Nothing Left But God
- Friday, September 01, 2006
I believed the words of the old gospel hymn, "Long As I Got King Jesus, I Don't Need Nobody Else." But as my brother James and I drove through my deserted neighborhood in the Ninth Ward of New Orleans, I longed for the presence of other human beings. I longed to see the faces of the children playing in the park, or even the noise of gangsta-rap music blaring from the street corner. The eerie silence frightened me more than the drug dealers that used to hang out in the neighborhood. Everything and everybody was gone. Not a creature was stirring, except those that you viewed under a microscope. The aroma of shrimp po'boys and red beans and rice had been replaced by the stench of rot and decay. This area I had called home for nearly 30 years was now a desolate place with nothing left but God. Katrina had flushed everything away but the Lord Himself.
This place of Nothing Left But God left me overwhelmed. My stubborn, independent personality was not comfortable here, where I was alone by fate rather than by choice. My trembling voice uttered no words of praise or thankfulness. I, too, was silent. The "whys" and "how comes" found their way to the Master's ears, but the silence remained. I gasped as James parked my car in front of what I lovingly called my "shacky shack."
There was dried mud on the sidewalks where dead plants formed a ring around my house. On the front porch, police graffiti and my soggy welcome mat greeted me. I took my last breath of almost-fresh air and followed my brother inside. James tried to shield me from the devastation.
My beautiful home was now a mess beyond repair.There must be something salvageable, I thought before entering. But I was wrong. It was as if a giant had picked up my house and shaken it like a tambourine to Katrina's beat. I held on to my brother as we made our way through the black muck. My Bibles, books, and tapes were strewn across the floors in ruin.??
All the material things I had held dear were gone. Still, I had to believe that in all this mess was a miracle from God. If I didn't have that hope, I would've surely gone crazy.
The only piece of furniture standing in my little shacky shack was my computer desk. The top shelf held a picture of my dad and several angel figurines given to me by my kids. Through the flood of memories, I sensed God reassuring my spirit that everything would be all right.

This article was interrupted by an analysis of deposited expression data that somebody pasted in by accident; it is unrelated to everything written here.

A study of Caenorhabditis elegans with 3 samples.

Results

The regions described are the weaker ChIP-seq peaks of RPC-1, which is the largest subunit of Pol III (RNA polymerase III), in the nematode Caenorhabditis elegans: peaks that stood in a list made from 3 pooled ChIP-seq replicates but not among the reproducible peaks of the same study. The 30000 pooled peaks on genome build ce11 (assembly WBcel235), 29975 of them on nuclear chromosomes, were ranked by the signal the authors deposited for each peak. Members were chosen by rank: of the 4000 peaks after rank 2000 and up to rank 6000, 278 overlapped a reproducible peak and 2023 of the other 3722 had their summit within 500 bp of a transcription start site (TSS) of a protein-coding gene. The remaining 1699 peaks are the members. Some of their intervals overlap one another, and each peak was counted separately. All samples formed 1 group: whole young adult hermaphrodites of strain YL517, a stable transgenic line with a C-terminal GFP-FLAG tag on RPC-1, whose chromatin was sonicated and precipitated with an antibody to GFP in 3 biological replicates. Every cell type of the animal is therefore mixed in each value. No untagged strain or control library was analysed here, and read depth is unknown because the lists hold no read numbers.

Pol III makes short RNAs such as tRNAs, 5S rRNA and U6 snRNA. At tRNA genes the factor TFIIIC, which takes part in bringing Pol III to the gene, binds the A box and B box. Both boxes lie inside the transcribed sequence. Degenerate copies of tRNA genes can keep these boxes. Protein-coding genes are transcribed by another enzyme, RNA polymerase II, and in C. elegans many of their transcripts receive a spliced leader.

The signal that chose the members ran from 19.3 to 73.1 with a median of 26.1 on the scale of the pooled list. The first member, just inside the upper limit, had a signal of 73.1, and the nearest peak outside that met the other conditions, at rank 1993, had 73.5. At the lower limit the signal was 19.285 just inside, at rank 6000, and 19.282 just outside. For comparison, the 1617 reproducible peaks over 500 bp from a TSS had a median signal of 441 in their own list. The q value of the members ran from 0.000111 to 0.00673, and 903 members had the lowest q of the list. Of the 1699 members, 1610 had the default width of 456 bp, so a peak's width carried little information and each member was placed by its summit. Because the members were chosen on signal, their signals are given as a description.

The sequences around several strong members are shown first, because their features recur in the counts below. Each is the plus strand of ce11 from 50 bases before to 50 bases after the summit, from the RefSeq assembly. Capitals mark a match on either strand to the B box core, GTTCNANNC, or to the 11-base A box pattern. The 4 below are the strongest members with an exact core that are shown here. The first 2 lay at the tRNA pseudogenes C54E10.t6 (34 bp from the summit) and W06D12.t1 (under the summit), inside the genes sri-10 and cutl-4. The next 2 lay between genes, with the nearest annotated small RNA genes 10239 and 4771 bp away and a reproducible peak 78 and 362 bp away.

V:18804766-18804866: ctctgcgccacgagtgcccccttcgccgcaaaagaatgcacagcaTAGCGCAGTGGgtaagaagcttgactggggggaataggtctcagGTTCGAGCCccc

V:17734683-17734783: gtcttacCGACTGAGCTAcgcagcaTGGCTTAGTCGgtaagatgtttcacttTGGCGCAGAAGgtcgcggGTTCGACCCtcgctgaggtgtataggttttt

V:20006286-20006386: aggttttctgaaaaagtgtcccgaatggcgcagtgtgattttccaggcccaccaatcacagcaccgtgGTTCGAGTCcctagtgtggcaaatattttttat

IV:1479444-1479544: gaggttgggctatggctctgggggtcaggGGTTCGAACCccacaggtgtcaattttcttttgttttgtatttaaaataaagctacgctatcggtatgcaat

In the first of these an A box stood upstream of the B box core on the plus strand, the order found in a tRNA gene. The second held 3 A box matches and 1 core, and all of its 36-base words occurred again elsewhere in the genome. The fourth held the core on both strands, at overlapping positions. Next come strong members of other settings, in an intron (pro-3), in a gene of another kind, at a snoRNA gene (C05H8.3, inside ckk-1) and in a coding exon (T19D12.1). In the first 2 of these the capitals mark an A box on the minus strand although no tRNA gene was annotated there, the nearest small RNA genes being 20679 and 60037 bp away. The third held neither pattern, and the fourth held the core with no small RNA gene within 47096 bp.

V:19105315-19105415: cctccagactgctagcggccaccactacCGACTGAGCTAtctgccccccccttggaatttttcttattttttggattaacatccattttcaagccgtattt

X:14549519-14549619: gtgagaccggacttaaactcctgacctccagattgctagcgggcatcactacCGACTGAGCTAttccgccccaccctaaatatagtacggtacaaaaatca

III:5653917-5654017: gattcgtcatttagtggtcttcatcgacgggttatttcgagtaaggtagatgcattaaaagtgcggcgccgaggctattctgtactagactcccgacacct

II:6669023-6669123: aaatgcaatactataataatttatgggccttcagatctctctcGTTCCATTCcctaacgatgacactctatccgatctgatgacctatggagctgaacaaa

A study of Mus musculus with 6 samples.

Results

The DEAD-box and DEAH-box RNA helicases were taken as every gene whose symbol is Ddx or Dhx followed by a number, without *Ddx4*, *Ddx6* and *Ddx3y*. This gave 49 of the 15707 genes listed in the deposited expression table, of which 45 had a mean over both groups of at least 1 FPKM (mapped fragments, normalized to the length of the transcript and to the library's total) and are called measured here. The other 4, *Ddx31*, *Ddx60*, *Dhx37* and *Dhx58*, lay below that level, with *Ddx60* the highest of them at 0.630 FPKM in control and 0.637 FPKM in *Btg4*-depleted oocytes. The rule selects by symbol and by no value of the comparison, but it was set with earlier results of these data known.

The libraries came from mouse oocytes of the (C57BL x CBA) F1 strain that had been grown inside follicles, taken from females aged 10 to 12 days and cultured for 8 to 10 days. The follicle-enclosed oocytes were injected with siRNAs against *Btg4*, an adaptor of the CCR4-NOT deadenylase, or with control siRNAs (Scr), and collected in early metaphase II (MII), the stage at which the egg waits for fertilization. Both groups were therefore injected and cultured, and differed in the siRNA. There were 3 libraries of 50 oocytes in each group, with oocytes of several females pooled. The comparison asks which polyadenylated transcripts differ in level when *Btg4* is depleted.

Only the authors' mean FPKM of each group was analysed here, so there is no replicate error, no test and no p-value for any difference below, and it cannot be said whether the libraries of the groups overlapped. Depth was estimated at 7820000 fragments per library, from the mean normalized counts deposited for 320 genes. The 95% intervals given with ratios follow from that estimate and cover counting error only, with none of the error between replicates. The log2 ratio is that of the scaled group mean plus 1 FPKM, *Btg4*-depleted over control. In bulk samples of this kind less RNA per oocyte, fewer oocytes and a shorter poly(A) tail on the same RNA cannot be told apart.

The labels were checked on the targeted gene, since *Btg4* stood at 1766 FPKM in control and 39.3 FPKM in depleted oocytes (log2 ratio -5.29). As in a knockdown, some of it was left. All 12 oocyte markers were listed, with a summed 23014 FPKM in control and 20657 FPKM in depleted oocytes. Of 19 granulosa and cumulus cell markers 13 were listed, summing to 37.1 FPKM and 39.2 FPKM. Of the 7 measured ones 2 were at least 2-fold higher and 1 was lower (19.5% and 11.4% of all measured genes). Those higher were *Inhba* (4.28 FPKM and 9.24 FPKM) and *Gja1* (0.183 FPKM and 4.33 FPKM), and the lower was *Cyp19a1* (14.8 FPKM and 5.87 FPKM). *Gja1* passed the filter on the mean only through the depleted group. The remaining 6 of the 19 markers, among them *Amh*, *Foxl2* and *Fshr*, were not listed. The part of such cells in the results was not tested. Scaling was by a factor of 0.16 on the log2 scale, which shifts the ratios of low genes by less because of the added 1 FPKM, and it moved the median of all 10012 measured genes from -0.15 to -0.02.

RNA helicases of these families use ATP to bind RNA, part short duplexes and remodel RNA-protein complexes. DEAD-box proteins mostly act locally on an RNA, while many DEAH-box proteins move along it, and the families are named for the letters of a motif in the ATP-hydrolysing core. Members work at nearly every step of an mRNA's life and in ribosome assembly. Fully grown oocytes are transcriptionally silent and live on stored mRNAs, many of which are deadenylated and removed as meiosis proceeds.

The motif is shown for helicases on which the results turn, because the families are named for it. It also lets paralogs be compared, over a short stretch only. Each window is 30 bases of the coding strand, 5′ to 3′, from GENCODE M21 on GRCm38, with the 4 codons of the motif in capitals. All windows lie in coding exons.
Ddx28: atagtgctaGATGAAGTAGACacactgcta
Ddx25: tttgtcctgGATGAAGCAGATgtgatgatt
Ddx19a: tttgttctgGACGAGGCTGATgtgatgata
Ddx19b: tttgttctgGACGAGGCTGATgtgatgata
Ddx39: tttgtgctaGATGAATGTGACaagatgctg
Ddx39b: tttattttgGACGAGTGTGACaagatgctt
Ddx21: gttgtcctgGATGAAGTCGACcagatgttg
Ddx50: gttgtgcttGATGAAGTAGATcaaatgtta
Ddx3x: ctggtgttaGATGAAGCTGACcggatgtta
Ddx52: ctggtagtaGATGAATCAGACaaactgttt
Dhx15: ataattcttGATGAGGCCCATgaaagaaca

I grabbed my dad's picture and all the angels. I found a basket to put them in. As I turned to walk away, I noticed the plastic box with all my important papers untouched by the waters. Words of praise and thanks flowed from my heart.
My brother said we needed to get out because of the toxic waste and black mold we were breathing. I agreed. But as we reached the front door, I noticed the table with my precious African American figurines still intact. On that table was a bouquet of roses made of two-dollar bills my mom gave me for my fiftieth birthday. I grabbed the figurines and the now-blackened bouquet, then took a final look at my home. I knew I'd never live there again.?
Soon the men from disaster relief would come and pile 30 years of my life on the sidewalk for the garbage trucks. My favorite chair, where I spent hours studying God's Word and praying for my kids, was gone. My personal journals, which held the emotions of my heart, were gone. Everything was gone.
Touring my deserted neighborhood gave me a pain in my heart for the many who never escaped or for those who would never come back. As we turned down Franklin Avenue where my church stood, the parking lot, which overflowed with cars on Sunday mornings, was eerily vacant. There was nothing there but the same black mold that greeted us everywhere. I saw the water line that circled my beautiful church building and tears filled my eyes. It, too, was ruined. As we drove past, I realized again we had nothing left but God.